Twizzler Half-Life (23 Favorites)

LAB in Half Lives, Graphing. Last updated October 14, 2019.


Summary

In this lab, students will use licorice to better understand the concept of half-life.

Grade Level

High school

Objectives

By the end of this lesson, students should be able to

  • Understand what a half-life is.

Chemistry Topics

This lesson supports students’ understanding of

  • Half-life
  • Radioactive decay

Time

Teacher Preparation: 30 minutes

Lesson: 50 minutes

Materials

  • 2 pieces of licorice

Safety

  • Food in a lab should be treated as a chemical and not consumed.
  • If you allow students to consume the licorice after the activity, make sure to complete the activity away from a lab setting, chemicals, or other harmful materials. Have students handle their own licorice.

Teacher Notes

  • Students could work individually or together.

For the Student

Lesson

In this activity, you will develop your understanding of half-life using licorice.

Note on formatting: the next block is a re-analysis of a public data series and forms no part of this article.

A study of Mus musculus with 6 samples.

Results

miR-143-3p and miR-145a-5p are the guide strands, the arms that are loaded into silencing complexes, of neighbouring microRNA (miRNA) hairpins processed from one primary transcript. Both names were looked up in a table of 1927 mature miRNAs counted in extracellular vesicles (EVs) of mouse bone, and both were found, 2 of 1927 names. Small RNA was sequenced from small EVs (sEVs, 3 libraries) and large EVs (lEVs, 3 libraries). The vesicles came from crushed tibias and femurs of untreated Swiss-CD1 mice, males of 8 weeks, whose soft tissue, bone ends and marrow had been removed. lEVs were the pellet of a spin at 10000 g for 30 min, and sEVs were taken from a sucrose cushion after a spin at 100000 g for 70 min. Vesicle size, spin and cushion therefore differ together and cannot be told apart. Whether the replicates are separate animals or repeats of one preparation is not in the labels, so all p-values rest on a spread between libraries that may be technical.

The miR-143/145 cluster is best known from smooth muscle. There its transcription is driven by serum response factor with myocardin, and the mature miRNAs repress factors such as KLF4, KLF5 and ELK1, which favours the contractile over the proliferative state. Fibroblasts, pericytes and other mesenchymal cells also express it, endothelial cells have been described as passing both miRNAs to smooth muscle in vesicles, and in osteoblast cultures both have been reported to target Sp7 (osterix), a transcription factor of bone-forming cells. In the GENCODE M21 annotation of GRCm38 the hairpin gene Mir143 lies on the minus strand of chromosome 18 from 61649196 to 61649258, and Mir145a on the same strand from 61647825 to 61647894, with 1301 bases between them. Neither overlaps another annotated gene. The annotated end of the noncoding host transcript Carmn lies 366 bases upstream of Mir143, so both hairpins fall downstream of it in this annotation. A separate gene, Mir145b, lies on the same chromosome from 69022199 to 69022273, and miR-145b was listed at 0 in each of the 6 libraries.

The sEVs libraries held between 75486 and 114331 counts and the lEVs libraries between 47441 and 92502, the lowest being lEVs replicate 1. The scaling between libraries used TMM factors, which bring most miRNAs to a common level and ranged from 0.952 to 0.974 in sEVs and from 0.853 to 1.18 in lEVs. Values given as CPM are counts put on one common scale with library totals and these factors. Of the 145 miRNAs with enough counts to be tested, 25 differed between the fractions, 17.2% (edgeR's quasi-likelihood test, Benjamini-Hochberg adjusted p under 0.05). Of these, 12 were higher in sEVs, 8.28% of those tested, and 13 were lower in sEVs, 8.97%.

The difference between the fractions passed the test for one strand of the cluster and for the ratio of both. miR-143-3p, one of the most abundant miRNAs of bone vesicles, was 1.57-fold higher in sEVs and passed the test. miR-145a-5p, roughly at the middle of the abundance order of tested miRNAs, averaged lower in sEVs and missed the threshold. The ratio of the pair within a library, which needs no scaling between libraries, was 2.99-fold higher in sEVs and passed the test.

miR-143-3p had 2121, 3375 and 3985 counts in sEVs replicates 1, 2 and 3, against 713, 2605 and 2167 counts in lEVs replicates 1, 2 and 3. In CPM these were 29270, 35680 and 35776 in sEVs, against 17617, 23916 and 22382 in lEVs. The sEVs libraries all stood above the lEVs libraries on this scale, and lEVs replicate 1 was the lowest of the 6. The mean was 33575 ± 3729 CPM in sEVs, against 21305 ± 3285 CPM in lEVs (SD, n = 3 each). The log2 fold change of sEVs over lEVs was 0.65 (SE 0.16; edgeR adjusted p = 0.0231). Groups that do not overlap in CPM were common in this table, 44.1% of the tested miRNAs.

Procedure

  1. On the graph paper provided (see page 2), label the y-axis as “Amount” and the x-axis as “Half-Life.” Number the x-axis from 1 to 10.
  2. Place one piece of licorice on the y-axis. This is the original amount of radioisotope.
  3. Break the second licorice in half. Place one half on your graph at 1 on the x-axis.
  4. Break the remaining half in half again. Place one piece at 2 on the x-axis.
  5. Continue this process until the remaining piece is too small to break in half.
  6. On your graph, make a small pencil mark at the top of each piece of licorice.
  7. Remove the licorice and draw a smooth line through your marks.

Analysis

  1. What is the shape of the line on your graph?
  2. How would you describe what happens to the amount of licorice after each step?
  3. Suppose the units on the x-axis are seconds. What is the half-life of your licorice?
  4. Using your graph, determine whether this statement is true or false. Explain your answer. Half-life means that half of a sample decays after one half-life and the rest of the sample decays after the next half-life.
  5. One reason it is important to know the half-life of a sample is to safely dispose of radioactive waste, which is usually stored for 10 half-lives. If you have 250 g of radioactive waste, how much of the sample would be left after 10 half-lives?
  6. Radioisotope A has a half-life of 2 minutes. Radioisotope B has a half-life of 2 hours. Which one would have a larger amount left after 5 hours has elapsed?